The Taub Faculty of Computer Science Events and Talks
Jose Yallouz (EE, Technion)
Wednesday, 30.12.2015, 11:30
Coping with network failures has been recognized as an issue of major importance in terms of security, stability and prosperity. It has become clear that current networking standards fall short of coping with the complex challenge of surviving failures. The need to address this challenge has become a focal point of networking research. Accordingly, the goal of this research is to establish a comprehensive methodology for efficiently providing network survivability in conjunction with other major QoS requirements. This novel methodology should reflect a multi-perspective consideration, including theoretical aspects as well as the development of new QoS metrics.
In this talk, we will mainly focus on the concept of tunable survivability, which offers major performance improvements over traditional approaches. Indeed, while the traditional approach is to provide full (100%) protection against network failures through disjoint paths, it was realized that this requirement is too restrictive in practice. Tunable survivability provides a quantitative measure for specifying the desired level (0%-100%) of survivability and offers flexibility in the choice of the routing paths in unicast and broadcast transmission methods. For unicast, we establish efficient algorithmic schemes for optimizing the level of survivability under additive end-to-end QoS bounds. Moreover, we establish some (in part, counter-intuitive) properties of the optimal solution. For broadcast, we investigate the application of tunable survivability for the maintenance of spanning trees under the presence of failures and establish efficient algorithmic schemes for optimizing the level of survivability under various QoS requirements. In addition, we derive theoretical bounds on the number of required trees for maximum survivability. Finally, through extensive simulations, we demonstrate the effectiveness of the tunable survivability concept for both methods.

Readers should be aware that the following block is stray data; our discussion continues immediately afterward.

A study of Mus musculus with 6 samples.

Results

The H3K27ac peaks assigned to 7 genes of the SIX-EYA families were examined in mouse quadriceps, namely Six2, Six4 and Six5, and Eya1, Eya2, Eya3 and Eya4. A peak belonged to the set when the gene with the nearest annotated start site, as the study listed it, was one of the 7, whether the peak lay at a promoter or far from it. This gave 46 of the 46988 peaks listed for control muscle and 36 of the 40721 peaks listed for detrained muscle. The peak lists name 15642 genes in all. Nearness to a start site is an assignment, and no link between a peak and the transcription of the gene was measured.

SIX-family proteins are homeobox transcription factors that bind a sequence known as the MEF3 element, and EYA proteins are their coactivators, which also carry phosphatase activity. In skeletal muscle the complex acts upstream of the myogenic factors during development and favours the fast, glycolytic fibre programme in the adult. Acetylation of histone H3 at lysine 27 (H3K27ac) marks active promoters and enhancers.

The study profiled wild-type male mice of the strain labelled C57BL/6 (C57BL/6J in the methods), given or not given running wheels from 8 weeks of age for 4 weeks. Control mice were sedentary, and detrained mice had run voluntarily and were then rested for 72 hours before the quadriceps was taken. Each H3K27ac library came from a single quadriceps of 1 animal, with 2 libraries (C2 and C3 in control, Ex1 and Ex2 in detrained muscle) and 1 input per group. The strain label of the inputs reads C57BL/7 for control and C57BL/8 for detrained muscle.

If time permits, we will also cover the following topics studied during this thesis:
- A study which investigates the gap between the optimal disjoint-node path pair and the disjoint-link path pair by relaxing the classical "full disjointness" requirement.
- Design aspects of Stackable Routers, i.e. a class of independent routing units operating together as a single router, and the analysis of schemes for improving their performance.
- A study focusing on the number of shortest paths that can be covered by a single spanning tree.
Jose Yallouz is a Ph.D. candidate in the Electrical Engineering department of the Technion, Haifa, Israel. He received the B.Sc. from the same department in 2008. He is a recipient of the Israel Ministry of Science Fellowship in Cyber and advance Computing award. Among his activities are the organization of the CeClub seminar and the Netmeeting forum. He is mainly interested in computer networks, algorithm design, survivability, QoS, SDN and NFV architectures.